Da' Dream Makin' Cold Blooded Sausage


Saturday, May 14, 2011

Why UGA (and all major colleges) should require all athletes to get off twitter, facebook, etc...


See what Swann said, or Stafford's pics, or countless other social media related screw ups by athletes. Get them off, all of them, or else they run. Mark Fox made a mistake the other day, and he will regret it if he doesn't revert to the banning. There is nothing good that can come from those athletes being on these sites, only trouble.


  1. My 17-year-old high school junior says this kind of thing is not out of the ordinary for kids his age. Not really seeking someone to write a paper, but rather a way of bemoaning the fact they have to write one.

    It is true, high profile athletes should be more selective in what they post on Facebook, Twitter, etc., but we should also remember they're still kids.

    College kids, generally, need to be more aware of what they are posting. Graduate and professional school admissions offices do check them out. So do potential employers.

    The true issue, therefore, is not an athlete-specific problem.

    Back in the dark ages when I was at UGA, well before the AIDS epidemic, the health center offered avoid-venearal-disease-by-using-condums awareness and someone did gay-acceptance sessions in dorms.

    Career Services or some similar department could do Facebook awareness training in the dorms. It would be helpful to all students, not just athletes.

    Athletes, in order to play at the collegate level, have to give up a bunch of things that are part of college fun. At least they're expected to give up those things.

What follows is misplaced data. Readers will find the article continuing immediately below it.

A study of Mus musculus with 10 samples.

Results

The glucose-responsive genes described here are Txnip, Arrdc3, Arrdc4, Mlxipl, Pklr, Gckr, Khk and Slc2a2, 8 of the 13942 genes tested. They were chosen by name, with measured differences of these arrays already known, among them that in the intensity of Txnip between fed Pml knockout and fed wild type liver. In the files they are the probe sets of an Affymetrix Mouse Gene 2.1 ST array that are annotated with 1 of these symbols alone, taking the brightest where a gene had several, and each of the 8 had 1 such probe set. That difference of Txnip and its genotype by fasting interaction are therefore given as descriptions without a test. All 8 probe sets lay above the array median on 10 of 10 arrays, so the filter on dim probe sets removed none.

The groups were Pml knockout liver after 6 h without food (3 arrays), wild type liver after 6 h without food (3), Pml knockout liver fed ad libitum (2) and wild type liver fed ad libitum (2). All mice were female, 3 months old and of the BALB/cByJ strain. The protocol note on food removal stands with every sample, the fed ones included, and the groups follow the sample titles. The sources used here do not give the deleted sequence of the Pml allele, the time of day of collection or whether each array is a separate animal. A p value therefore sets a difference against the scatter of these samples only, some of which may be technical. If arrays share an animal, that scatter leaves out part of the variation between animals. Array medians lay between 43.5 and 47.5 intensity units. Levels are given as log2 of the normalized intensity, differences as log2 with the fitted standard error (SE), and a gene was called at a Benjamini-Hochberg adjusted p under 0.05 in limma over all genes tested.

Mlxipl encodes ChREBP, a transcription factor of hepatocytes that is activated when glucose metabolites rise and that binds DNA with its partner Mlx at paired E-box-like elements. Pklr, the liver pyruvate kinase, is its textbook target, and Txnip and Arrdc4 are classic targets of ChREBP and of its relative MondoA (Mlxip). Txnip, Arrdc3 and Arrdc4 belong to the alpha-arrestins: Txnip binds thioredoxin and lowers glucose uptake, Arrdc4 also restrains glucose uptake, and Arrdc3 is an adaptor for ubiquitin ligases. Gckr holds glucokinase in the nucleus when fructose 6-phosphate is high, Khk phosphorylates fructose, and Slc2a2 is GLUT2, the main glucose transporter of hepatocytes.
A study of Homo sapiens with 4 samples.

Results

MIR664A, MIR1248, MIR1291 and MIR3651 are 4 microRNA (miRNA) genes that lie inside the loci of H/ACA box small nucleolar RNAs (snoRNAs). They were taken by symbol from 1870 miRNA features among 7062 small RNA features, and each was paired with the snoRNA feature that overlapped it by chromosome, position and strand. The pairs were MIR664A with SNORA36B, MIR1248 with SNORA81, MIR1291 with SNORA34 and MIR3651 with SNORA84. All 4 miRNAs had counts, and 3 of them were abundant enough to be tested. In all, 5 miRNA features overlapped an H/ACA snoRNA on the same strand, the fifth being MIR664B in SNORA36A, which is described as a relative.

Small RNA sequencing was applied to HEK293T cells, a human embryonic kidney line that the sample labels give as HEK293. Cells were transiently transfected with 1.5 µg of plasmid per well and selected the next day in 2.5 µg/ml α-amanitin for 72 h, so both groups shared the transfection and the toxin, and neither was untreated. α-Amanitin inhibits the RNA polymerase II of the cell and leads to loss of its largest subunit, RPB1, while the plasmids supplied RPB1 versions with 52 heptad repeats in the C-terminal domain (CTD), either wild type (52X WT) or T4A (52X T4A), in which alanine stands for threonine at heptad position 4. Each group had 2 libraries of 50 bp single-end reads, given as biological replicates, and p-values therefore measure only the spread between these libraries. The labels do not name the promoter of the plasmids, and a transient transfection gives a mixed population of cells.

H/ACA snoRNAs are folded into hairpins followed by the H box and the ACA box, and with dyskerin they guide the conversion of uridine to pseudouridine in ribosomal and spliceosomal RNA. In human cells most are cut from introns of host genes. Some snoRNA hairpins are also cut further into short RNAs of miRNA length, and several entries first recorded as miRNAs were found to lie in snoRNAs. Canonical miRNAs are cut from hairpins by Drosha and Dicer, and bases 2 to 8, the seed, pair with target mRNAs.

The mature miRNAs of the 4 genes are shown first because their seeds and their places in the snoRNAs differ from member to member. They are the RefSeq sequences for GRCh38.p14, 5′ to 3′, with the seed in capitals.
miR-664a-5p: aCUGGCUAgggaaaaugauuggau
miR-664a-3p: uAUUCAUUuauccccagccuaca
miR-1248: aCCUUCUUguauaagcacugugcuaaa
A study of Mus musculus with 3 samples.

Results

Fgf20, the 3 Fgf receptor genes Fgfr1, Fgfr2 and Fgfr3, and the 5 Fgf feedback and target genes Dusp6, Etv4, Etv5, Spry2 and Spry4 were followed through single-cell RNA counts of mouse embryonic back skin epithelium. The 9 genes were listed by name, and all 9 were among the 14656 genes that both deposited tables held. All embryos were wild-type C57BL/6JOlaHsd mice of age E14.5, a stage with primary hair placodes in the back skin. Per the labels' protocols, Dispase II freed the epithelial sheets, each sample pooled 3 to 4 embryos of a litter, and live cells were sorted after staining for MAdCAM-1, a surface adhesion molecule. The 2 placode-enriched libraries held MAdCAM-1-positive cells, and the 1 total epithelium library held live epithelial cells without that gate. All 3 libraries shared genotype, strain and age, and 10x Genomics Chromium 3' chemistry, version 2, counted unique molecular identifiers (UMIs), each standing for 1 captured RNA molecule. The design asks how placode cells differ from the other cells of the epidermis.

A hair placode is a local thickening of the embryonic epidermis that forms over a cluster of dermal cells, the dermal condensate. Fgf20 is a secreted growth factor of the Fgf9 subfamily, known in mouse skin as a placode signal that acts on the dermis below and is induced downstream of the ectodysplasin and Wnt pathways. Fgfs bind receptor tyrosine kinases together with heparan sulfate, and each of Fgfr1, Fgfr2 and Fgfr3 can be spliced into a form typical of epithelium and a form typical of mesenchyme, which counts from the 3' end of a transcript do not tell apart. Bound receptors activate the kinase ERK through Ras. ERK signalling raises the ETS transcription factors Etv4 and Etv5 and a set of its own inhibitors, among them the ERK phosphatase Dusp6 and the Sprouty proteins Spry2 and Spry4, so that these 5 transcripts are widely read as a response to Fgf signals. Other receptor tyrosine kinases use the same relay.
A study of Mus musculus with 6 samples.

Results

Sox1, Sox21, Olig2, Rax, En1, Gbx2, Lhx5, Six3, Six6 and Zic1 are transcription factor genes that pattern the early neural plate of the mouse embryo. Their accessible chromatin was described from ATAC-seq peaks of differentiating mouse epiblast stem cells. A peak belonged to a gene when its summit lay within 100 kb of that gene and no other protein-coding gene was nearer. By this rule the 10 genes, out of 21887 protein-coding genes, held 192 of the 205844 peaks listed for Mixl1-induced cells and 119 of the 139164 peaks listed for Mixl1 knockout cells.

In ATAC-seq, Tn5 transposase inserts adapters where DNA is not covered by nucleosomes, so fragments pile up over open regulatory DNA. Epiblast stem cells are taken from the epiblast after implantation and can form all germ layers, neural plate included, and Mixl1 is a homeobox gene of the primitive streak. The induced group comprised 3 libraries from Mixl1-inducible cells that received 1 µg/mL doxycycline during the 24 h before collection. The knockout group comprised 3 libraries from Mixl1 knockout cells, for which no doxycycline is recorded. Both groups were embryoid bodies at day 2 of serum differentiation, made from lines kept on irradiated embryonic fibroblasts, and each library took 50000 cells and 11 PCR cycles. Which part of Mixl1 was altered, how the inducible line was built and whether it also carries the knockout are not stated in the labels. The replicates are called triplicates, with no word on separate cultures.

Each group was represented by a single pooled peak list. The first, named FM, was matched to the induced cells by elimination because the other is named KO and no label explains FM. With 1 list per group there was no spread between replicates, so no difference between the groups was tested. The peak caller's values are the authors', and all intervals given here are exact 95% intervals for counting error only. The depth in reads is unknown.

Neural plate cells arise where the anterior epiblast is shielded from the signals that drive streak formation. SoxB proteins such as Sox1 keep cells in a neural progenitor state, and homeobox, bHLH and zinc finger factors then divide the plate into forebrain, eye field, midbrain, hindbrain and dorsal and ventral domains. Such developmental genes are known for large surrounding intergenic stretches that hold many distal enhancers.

I would hate to add to the long list of normal college-age things atheletes are specifically proscribed from doing. It creates yet another team rule for them to violate.

    Besides, I've seen much more damning things posted by adults than what a few college athletes do.

  2. No, it's not an athlete-specific problem, but athletes are more public figures and have more significant ramifications than most. For one, they shouldn't post anything they wouldn't want their mother to see, and the AJC and other local media will be harsher than their mamas could ever dream.

    With a local media loving to pick every little thing to pieces, and construe stories out of nothing to fill space (Jordan Love's middle name bs?), why give them potential ammo? Just cut it off at the source.

  3. And anonymous,
    you should check Swann's overall postings on that thing. He's ripe for a problem from the looks of things.

  4. More significant ramifications?

    More immediate, maybe. But more significant?

    Getting bumped from med school or law school because something really stupid you posted seems pretty significant to me. Or from a job.

    That kind of thing happens. Every day.

    I'm really not trying to pick an argument. I know it seems that way.

    I agree wholeheartedly that athletes (and anyone else for that matter) shouldn't post what they'd be embaressed to have their mothers see. And that the AJC and some idiot bloggers there would take full advantage of a football player's making a fool of himself online.

    But I think there's room for personal responsibility. Thinking about what you post online before you post it, athlete or not, is a useful lifetime skill.

    Proscribing athletes' postings is really treating them like children.